All over SB Nation NBA today, each blog has carefully chosen what they consider to be the biggest surprise so far for each of the NBA teams they cover. Well, to me that's a no-brainer when it comes to the Miami Heat.
Some snickered at the thought of the Heat even considering signing Rashard Lewis. Some had figured he wouldn't contribute much to the team and would be buried at the end of the bench. Most never thought he'd recover enough from his injuries the past couple of years to be an effective shooter like he had been over the course of his career. One of them even writes for Hot Hot Hoops and had no choice but to write an article admitting he was wrong.
Yes, that bloated contract the Orlando Magic forever branded him as an overpaid player only capable of spotting up for three-pointers and not much else. Well, now that he's finally healthy and having some lift in his legs, it has brought him back to relevance and he is playing effective minutes for the Heat which gives them yet another deadly shooter from the outside. Oh yeah, all of this comes at a bargain at the vet's minimum. What's not to like?
Even more surprising, we've even seen him do more than just shoot three-pointers (which he's doing at a fantastic 54% pace). He's also attacked the basket more than a few times so far this season, dunked on the Brooklyn Nets twice and has even played some decent defense. He also collected 17 rebounds in the first four games of the season and has scored in double-digits four times in the Heat's first 11 games of this season. Who thought that would happen?
Yes, his production will be up-and-down playing for the elite Heat and his minutes will dip and rise based on match ups since they don't need to depend on him like the Magic did. But that's fine too, since it'll only keep him fresh for the postseason when he can continue to pair with former Seattle Sonics teammate Ray Allen for a fantastic scoring punch off the bench that the Heat can surround the Big 3 with.
Jay will try to convince you that the Heat's biggest surprise has been their unexpectedly subpar defense. Sure, it's a bit of a concern but it's not like the same Heat core that just won the championship 21 weeks ago has forgotten how to play defense. Just like how the New York Knicks will eventually go on a losing streak or two this season and have a more realistic record, the Heat's defensive statistics will eventually balance itself out and it will eventually be a non-issue. But Lewis will continue to enjoy open looks at the basket all season long and the crack Heat training staff will (hopefully) keep him healthy all season long.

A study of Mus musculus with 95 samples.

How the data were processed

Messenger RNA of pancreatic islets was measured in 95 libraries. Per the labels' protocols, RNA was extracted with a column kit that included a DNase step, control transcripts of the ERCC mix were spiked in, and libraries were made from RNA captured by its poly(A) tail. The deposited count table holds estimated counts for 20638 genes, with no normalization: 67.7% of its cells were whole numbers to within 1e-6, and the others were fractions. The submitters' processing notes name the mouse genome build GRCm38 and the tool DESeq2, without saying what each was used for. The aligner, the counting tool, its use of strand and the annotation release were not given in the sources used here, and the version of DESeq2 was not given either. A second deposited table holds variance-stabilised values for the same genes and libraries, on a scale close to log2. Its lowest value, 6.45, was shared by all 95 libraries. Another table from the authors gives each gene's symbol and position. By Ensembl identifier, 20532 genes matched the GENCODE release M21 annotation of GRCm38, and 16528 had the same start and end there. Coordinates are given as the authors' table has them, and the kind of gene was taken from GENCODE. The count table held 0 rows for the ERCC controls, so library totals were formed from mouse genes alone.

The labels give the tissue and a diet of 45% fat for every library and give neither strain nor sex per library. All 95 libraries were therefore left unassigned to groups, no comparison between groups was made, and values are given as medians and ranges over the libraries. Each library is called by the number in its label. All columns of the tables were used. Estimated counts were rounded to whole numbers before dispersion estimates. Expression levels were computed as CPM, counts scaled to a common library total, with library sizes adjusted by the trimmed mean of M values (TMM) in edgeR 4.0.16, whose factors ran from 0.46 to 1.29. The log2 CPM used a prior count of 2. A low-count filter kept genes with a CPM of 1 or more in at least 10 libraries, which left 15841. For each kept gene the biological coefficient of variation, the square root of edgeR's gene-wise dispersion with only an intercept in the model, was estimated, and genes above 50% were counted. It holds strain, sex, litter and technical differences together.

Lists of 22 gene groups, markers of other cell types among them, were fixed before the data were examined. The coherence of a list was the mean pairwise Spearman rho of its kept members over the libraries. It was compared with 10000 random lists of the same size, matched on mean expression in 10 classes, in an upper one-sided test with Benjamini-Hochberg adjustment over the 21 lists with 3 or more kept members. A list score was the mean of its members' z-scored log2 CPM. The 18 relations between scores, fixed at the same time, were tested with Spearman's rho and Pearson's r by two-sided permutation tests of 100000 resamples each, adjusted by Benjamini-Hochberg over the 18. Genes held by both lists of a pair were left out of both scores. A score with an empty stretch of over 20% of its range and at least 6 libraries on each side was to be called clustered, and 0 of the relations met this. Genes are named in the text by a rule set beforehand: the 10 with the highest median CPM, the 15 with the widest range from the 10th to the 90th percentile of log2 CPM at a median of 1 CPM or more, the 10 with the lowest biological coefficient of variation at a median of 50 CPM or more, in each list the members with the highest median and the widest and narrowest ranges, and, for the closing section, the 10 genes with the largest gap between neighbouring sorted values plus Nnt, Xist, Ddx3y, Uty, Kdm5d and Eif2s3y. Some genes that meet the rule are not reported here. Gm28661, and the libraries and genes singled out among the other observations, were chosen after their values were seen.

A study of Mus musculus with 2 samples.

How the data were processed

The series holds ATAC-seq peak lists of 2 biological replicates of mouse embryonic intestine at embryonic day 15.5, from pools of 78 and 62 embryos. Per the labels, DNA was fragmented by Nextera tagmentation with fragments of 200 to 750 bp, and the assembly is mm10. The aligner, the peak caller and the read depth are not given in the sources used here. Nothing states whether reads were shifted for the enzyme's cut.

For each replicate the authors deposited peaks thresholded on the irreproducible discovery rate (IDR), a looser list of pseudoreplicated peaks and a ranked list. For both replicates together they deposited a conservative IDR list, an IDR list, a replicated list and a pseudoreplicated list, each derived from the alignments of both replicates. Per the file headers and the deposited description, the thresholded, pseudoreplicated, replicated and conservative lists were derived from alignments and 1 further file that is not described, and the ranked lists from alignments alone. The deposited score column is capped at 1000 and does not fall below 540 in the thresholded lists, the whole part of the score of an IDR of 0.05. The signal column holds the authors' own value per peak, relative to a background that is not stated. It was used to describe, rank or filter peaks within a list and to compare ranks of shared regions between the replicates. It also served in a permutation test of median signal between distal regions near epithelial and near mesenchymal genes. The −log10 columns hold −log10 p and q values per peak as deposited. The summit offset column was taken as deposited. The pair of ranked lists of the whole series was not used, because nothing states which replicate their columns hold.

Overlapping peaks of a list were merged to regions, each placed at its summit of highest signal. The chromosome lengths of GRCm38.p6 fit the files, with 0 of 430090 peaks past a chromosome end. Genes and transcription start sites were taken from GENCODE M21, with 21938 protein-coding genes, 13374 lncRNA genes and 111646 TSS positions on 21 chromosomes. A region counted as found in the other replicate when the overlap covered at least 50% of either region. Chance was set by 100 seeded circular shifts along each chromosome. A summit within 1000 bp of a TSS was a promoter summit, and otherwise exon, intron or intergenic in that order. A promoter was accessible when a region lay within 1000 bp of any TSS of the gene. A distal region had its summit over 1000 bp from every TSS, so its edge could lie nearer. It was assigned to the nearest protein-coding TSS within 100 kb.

What do you say, Jay?
We'll, it's Theme Day over at SB Nation. And this theme is about selecting the "biggest surprise" for each team. It may seem like small sample size galore, but it's nonetheless a fun early season exercise.
The most surprising thing about the early version of the 2012-13 season seems to be the rather hot shooting start to the season by veteran forward Rashard Lewis, and Surya will try to convince you of this. Although it has been a pleasant surprise, this is not the 'biggest' surprise this season.
We knew Rashard Lewis could shoot. He just didn't have his legs last season. But when was the last time the Heat were not elite defensively?
The real surprise early this season has been the turnstile Heat defense. Miami is 24th in the league in defensive rating through 11 games. They are allowing 99 points per game on 44 percent shooting (18th in the NBA).
The last time the Heat were not in the top five in opponent field goal percentage was 2008-09, Erik Spoelstra's first season as coach, when they we're 13th in the league, allowing 45 percent shooting. The last time the Heat were not among the best six teams in the league in defensive rating was that same season.
It's been awhile. And going back to Heat history since Pat Riley brought his slicked back hair to Miami's sideline, there have been very few outliers in which Miami has not been great defensively. The horrific 2007-08 season comes to mind, but there have been very few otherwise where the Heat have not been at least a top ten defense.
We kind of suspected they wouldn't be the suffocating, scary defense they have been the last two years with the inclusion of Rashard Lewis and Ray Allen to the rotation and the emphasis on offense, but this is still a little unprecedented. The surprise is linked to Joel Anthony's dissapearance from the regular rotation as well.
The whole situation should regress to normal soon, but so should Lewis' hot shooting start.
Anyway, that's my counterargument to Rashard Lewis being the biggest surprise of the year.